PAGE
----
Your excellencies, ladies and gentlemen, colleagues, friends,
Back in 1993, Kim Campbell famously asserted that election campaigns were not the time to discuss serious issues. Today, we’d call that a Kinsley gaffe – an inadvertently revealed political truth.
Now, in the era of perpetual campaigning, those of us who cover federal politics sometimes despair that it’s NEVER the time to have a rational discussion of serious issues. Debate on public policy has devolved into little more than competing bumper sticker slogans – even when we’re dealing with the most fundamental right a citizen has in a democracy, the right to vote.
And so it was initially with the Fair Elections Act, marketed as a bill that would give the commissioner of elections “sharper teeth, a longer reach and a freer hand” to crack down on voter fraud.
It’s an honour to be nominated for The Canadian Press’ part in getting beyond the clichés, exposing the flaws and faulty premises in the bill, helping to generate a substantive debate that finally forced the government to retreat on some of the most egregious elements that could have, among other things, disenfranchised hundreds of thousands of Canadians.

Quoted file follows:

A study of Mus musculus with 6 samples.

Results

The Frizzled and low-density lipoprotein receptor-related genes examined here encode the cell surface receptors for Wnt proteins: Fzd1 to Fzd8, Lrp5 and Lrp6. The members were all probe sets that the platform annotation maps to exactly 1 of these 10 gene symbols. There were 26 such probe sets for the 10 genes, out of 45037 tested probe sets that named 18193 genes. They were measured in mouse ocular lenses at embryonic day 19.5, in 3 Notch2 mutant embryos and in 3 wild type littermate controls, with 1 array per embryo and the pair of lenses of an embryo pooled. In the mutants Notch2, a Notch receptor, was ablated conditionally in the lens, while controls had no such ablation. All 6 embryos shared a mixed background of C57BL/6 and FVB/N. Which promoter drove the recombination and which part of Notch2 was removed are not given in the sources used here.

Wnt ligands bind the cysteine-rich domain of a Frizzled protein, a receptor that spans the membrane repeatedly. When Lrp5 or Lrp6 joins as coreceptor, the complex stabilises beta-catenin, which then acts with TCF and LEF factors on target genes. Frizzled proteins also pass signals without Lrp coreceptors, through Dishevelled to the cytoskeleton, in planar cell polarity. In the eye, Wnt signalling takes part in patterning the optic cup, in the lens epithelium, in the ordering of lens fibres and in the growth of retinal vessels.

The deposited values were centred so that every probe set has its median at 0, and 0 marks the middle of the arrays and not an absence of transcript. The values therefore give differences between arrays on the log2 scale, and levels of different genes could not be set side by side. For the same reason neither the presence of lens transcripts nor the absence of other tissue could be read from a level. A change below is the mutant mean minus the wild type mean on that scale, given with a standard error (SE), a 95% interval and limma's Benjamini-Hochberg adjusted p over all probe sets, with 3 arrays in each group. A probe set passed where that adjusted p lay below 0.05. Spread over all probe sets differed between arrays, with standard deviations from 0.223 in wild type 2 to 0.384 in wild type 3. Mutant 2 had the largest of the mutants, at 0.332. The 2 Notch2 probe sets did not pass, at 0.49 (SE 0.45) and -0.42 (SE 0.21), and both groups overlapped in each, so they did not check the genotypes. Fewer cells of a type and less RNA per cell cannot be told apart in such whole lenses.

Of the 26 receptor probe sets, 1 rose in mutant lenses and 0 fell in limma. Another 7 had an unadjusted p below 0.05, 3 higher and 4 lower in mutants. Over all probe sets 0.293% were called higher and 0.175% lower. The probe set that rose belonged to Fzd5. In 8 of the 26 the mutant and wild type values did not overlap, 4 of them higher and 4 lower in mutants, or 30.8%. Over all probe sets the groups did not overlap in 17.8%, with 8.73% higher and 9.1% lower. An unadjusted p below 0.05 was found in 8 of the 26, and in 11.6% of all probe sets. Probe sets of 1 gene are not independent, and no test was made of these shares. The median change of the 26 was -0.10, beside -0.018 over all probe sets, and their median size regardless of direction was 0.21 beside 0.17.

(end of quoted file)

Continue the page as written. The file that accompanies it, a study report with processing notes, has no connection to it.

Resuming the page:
But this nomination is as much a tribute to the current and former independent officers of Parliament and provincial electoral watchdogs who met hyper-partisan sloganeering with facts and thoughtful, persuasive analysis. People like Harry Neufeld, William Corbett, Yves Cote, Jean-Pierre Kingsley, Sheila Fraser and, most especially, Marc Mayrand, whose professionalism and civility never wavered even in the face of vicious attacks on his integrity, character and motives.
Bruce and I thank them for sharing their expertise and knowledge. We are all, as Canadians, indebted to them.